It’s time for Congress to “cite chapter and verse.” When they pass new laws or spend taxpayer money they should be required to point to the specific language in the Constitution that empowers that action. The “Enumerated Powers Act” would require them to do precisely that. Help us bring this bill to a vote.
The specific, “enumerated” powers of Congress are spelled out in Article of I Section 8 of the Constitution. Congress has, by our count, twenty powers or areas of responsibility. You can read the list here.
Because these powers are delegated from the people, they are the only powers Congress has. But our Founding Fathers went further than simply listing what Congress could do. They also listed, in the Bill of Rights, many specific things the government could not do.
Most importantly, the 10th Amendment specifically limits the federal government to just those powers and functions named in the Constitution. And the 9th Amendment makes it clear that the people also have many other rights the government must respect, extending far beyond those actually named in the Bill of Rights.
The Ninth Amendment reads: The enumeration in the Constitution, of certain rights, shall not be construed to deny or disparage others retained by the people.
The Tenth Amendment reads: The powers not delegated to the United States by the Constitution, nor prohibited by it to the States, are reserved to the States respectively, or to the people.
Taken as a whole, the Constitution creates a government of very few powers, and a great many limitations.
In addition, there is a tradition that every member of Congress, upon taking office, swears an oath to serve, protect, and defend the Constitution. Sadly, most of these oath-takers immediately become law-breakers, passing laws and expending funds in ways the Constitution forbids.
IN FACT, MOST OF WHAT THE FEDERAL GOVERNMENT NOW DOES IS BLATANTLY UNCONSTITUTIONAL.
Had Congress adhered to its enumerated powers the federal government would be vastly smaller, and far more decentralized.
The politicians in Congress rarely bother to offer Constitutional justification for their actions, but when pressed to do so they will usually misapply passages such as the “Necessary & Proper Clause,” or the “Commerce Clause,” or resort to Supreme Court decisions that are themselves unconstitutional.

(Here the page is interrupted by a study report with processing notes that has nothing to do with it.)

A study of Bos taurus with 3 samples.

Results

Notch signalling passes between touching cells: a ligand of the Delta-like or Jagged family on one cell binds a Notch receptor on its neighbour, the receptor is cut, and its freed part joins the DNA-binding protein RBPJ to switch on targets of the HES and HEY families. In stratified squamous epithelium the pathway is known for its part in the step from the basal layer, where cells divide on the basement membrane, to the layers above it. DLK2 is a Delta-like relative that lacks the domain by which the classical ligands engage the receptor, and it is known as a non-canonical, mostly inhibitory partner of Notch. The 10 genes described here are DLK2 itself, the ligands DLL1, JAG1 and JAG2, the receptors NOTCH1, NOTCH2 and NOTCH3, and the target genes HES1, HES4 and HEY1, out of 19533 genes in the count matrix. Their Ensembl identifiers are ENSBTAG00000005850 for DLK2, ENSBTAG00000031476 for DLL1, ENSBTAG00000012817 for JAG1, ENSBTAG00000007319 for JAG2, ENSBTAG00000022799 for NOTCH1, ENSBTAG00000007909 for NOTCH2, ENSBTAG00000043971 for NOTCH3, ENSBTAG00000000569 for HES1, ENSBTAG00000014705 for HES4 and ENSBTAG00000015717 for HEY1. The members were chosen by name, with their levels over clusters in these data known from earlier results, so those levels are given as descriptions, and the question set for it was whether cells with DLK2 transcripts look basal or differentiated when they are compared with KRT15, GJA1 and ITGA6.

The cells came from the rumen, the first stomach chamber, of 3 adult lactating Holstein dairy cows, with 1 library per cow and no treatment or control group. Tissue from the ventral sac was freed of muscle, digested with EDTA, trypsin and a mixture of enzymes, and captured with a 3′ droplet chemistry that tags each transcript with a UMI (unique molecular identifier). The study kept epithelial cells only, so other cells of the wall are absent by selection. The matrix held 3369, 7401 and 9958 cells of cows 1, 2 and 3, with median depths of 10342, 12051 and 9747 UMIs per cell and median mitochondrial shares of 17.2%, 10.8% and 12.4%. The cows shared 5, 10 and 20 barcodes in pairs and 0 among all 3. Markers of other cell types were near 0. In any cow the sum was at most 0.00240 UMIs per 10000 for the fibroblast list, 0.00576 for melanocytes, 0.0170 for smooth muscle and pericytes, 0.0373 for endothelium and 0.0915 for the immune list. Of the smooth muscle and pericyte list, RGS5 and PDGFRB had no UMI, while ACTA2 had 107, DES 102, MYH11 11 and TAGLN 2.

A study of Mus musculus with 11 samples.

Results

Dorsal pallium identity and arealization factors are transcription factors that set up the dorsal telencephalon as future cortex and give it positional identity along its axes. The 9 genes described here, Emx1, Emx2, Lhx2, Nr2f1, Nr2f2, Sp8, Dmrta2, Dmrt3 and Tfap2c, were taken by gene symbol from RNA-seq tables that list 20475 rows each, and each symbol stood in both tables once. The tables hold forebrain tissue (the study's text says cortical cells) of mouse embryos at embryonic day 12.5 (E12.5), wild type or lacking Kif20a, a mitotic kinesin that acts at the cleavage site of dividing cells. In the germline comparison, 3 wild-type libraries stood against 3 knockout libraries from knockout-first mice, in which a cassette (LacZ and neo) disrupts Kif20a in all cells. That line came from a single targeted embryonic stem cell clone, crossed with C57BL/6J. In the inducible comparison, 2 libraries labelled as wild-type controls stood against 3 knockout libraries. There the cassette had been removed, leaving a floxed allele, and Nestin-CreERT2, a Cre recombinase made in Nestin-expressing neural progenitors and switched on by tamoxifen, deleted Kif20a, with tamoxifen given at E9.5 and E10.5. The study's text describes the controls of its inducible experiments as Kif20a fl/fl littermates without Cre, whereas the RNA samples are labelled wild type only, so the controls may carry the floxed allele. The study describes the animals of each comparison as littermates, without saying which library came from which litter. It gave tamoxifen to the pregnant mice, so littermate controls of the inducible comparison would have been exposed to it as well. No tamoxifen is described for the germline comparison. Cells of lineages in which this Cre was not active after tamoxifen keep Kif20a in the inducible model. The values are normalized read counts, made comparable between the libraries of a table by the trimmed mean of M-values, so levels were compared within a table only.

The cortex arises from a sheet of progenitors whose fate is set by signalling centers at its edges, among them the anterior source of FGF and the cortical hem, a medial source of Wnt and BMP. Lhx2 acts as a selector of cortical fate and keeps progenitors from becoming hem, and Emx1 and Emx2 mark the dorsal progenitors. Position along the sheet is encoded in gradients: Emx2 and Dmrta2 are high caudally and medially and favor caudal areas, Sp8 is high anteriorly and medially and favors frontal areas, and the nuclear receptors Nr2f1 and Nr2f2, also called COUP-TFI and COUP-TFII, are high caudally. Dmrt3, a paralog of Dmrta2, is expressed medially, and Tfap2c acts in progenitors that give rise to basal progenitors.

Representative John Shadegg (R-AZ) has a plan to change all this. He has introduced “The Enumerated Powers Act” (EPA) – HR 1359 [You can read the entire bill on our Background page]. EPA would require every law passed by Congress to reference the specific clause(s) of the U.S. Constitution that grant the authority for that law.
What difference will it make if we require them to “cite chapter and verse” from the Constitution to show where it gives them the authority to pass a law, create or maintain a program, or lay a tax?
* Well, it might slow them down.
* It might mean that they reconsider a proposal instead of introducing it.
But we freely admit, this new law won’t stop them.
Instead, we believe it will build the evidence necessary to make some real reforms later. After all, how many different actions per day can Congress blame on the Commerce Clause before either a judge or the people revolt against the charade?
EPA might even, eventually, embarrass Congress.
There’s an old Texas _legend_ that says a young politician by the name of Lyndon Johnson was looking for an edge in his campaign. Johnson suggested to his campaign manager that they start a rumor that his opponent enjoyed sexual congress with pigs. His campaign manager reacted in shock: “Lyndon you know that’s not true.”
“Sure,” Lyndon is alleged to have replied, “I just want to watch him deny it.”
Well, Congress does lots of unconstitutional things, and that’s no rumor. Now, we just need to make them deny it. Send a message to Congress and ask them to pass EPA.